British Airways' iPad trial, where cabin crew swapped reams of printed passenger lists for an Apple tablet loaded with the same data, has been such a success that the airline will roll out the system onto all aircraft.
BA is promising "a premium and more thoughtful onboard service to customers in every cabin".
What does that mean? Well, BA tells us that their crew can "tap into data giving them customer preferences and their previous travel arrangements", and that "the iPad shows cabin crew where each customer is seated, who they are travelling with, their Executive Club status and any special meal requests. In addition, it also gives them a vast library of information at their fingertips including timetables, safety manuals and customer service updates."
Destination guides also mean that crew can give helpful suggestions about cities on your itinerary.
The password-protected app (BA's "senior cabin crew" have access to your info) had been trialled earlier this year, with BA's head of inflight customer experience Bill Francis thrilled with the results.
"The iPads provide real-time insight into our customers' preferences across a whole range of areas, from special meal requests to onward travel plans, enabling us to deliver a truly bespoke service," Francis enthused.
How it works
BA's system runs the in-house Enhanced Service Platform app, version 1.1, on iPad 2 devices with 3G data service around the world.
Right before the doors close, the crew hit "refresh" over the iPad's 3G mobile data connection to download the latest manifest. (That's what replaces that sheet of paper pinned up in the galley kitchen so they know who the frequent flyers, vegetarians, VIPs and Z-list celebrities onboard are.)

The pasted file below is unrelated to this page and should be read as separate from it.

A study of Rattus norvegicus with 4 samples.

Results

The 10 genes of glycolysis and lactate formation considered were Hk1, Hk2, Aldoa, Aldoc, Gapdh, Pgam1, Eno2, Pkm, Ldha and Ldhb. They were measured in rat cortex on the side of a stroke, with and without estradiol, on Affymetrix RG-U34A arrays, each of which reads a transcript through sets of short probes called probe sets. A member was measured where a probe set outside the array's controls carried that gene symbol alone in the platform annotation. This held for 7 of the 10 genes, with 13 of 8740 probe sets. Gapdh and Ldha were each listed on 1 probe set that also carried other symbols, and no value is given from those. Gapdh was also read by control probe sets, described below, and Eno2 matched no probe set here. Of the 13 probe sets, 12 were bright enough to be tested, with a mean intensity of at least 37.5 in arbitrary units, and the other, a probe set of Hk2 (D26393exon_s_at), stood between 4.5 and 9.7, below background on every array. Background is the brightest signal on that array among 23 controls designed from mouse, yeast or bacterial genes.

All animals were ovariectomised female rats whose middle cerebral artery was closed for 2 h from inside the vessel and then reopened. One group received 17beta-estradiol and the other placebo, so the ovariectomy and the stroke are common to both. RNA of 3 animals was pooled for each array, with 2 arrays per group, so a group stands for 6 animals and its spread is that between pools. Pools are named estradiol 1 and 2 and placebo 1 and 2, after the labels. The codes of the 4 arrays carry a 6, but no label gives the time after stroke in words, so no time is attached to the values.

The iPad then goes into flight mode for the duration -- except on BA's all-business class London City to New York JFK flights, where there's inflight wifi over the Atlantic. The crew on those flights can get live update over the app.
An additional benefit of the iPads for passengers -- no, you won't be able to borrow it, since the airline hasn't come to any conclusions about its separate trial of inflight iPads for premium customers -- is the fault reporting function.
If there's a problem with a seat, entertainment screen or anything else on the aircraft, the crew can note it down on the app while the plane is in the air. It'll be sent automatically to the engineers or mechanics when the seatbelt sign is turned off and the BA iPad is switched back on.
Since BA's Australia flights spend a decent amount of time on the ground at Sydney (and have access to Qantas' technical crews to fix anything that goes wrong), that means that you should be much less likely to end up with a wonky seat or a broken video screen, or for your flight to be delayed by a technical glitch.
About John Walton
Aviation journalist and travel columnist John took his first long-haul flight when he was eight weeks old and hasn't looked back since. Well, except when facing rearwards in business class.